Real Life Marrieds Bettany and Connelly to Uncover the Origin of Darwin's Species

Gordon: Paul Bettany and Jennifer Connelly have been signed to star in Creation, a movie about the the life of Charles Darwin that will be directed by Jon Amiel. Please touch on this tomorrow (Source: Hollywood Reporter).

Trisha Lynn: Touch, or do a full article?

Gordon: Either way. If you want to write something longer, feel free.

Trisha Lynn: What’s the angle?

Gordon: I do have this fear it will focus so much more on Darwin’s life and relationships than anything he actually did. As most movies about geniuses do.

But that’s probably just knee-jerk snark.

Trisha Lynn: There’s not much entertainment or drama in movies about scientific discoveries unless there’s lots of sensationalism involved, like in Inherit the Wind. But that was more of a courtroom drama. The only thing I can think of that would be comparable would be if someone did a movie about Martin Luther and his 95 theses, or Socrates’ last days, or Galileo’s imprisonment. That would actually be pretty cool.

A guy sitting on a beach painstakingly cataloging the differences between tortoises? Doesn’t seem like it would make a good movie to me. But that’s just knee-jerk snark as well.

Wikipedia tells me that while there was a little drama surrounding the race to get his work published, the actual co-publishing of the book was done with a minimal amount of hassle. Also, while there was a huge hubbub over the findings, it was very much in line with what other scientists were observing about the world, which means that if Darwin didn’t do it, someone else would have.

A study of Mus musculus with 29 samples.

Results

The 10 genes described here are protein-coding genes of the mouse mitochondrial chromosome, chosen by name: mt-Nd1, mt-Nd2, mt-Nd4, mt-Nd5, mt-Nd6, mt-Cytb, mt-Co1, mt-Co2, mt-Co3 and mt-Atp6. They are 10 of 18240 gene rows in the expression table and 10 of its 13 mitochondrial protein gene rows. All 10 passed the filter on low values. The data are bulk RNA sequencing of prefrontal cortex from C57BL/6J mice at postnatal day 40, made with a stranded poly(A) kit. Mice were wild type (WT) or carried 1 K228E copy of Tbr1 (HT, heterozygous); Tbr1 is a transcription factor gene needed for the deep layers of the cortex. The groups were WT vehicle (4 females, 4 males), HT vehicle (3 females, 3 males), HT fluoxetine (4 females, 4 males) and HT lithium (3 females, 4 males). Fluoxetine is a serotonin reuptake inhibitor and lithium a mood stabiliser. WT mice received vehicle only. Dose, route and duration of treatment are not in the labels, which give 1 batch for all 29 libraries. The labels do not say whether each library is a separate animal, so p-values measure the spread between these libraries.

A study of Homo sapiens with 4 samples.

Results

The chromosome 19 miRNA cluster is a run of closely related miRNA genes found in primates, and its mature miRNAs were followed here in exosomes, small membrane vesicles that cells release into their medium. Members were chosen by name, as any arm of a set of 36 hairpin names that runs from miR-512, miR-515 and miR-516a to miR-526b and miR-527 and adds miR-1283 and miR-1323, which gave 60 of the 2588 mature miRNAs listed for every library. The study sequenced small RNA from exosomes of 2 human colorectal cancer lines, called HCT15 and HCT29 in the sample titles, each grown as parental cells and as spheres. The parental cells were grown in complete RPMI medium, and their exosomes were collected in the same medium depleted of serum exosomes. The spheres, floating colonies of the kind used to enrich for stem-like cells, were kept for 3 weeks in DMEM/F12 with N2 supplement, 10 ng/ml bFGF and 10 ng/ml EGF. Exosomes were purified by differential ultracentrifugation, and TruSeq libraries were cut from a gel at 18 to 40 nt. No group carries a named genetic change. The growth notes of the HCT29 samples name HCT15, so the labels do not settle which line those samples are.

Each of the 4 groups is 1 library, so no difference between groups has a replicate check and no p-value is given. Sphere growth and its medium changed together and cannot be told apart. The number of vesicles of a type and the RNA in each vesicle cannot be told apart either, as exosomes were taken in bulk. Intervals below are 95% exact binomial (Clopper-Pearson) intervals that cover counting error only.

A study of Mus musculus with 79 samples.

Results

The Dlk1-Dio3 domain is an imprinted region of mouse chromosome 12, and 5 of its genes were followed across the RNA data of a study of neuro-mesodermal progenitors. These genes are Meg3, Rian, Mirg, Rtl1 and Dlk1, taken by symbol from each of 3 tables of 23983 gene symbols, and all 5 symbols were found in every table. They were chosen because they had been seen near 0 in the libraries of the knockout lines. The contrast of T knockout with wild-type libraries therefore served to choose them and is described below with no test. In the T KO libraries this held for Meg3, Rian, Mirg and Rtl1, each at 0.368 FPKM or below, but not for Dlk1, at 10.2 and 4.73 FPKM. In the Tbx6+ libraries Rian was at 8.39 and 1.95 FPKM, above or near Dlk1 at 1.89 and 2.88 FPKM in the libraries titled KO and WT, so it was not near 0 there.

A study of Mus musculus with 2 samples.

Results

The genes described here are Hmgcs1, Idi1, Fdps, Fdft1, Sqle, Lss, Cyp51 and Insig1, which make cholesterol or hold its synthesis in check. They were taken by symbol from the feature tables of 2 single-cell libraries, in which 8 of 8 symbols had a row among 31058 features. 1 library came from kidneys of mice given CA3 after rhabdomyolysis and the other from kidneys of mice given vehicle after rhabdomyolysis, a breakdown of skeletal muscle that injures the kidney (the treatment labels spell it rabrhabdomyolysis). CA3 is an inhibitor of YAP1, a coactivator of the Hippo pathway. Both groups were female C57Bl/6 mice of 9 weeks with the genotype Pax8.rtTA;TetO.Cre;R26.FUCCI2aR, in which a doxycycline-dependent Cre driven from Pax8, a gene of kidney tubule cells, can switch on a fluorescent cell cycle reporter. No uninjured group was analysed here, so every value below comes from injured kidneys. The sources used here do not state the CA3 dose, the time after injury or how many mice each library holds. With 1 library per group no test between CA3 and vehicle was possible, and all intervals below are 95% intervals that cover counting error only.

So I disagree with you there. A movie about his life and his relationships with other people in the scientific community of his day would be way more interesting than a movie about his actual work.

Posted on September 5, 2008 at 06:13 by Trisha Lynn · Permalink
In: News

2 Responses

    on 2008-09-06 at 14:31
    Permalink

    I don’t actually see that difference you’re constructing there betwenn “his life” and “his actual work”, as those parts you’ve been mentioning, the presentation, the publication, are essential parts of his work, aswell.
    But I totally must side with you, Trisha, that just seeing him cataloging tortoises and finches
    and then writing hundreds of pages about that doesn’t seem to make a very good movie.

    And a good movie on Darwin seems to be almost necessary. Atleast in a country, where quite many people seem not to know what evolution means, but prefer to not believe in it.
    To me, that seems the same like not believing in gravity. Pointless …

    With greetings from Europe,
    MO

  2. Written by Trisha Lynn
    on 2008-09-08 at 18:34
    Permalink

    You make a very good point in that his work is definitely more than just the actual writing or research he did. I think I was assuming that his negotiations with the other scientists who were traveling along the same path as he did as to who would publish first would be part of that “relationships” angle, unless Gordon specifically meant how Darwin went about courting his wife and his relationships with his colleagues.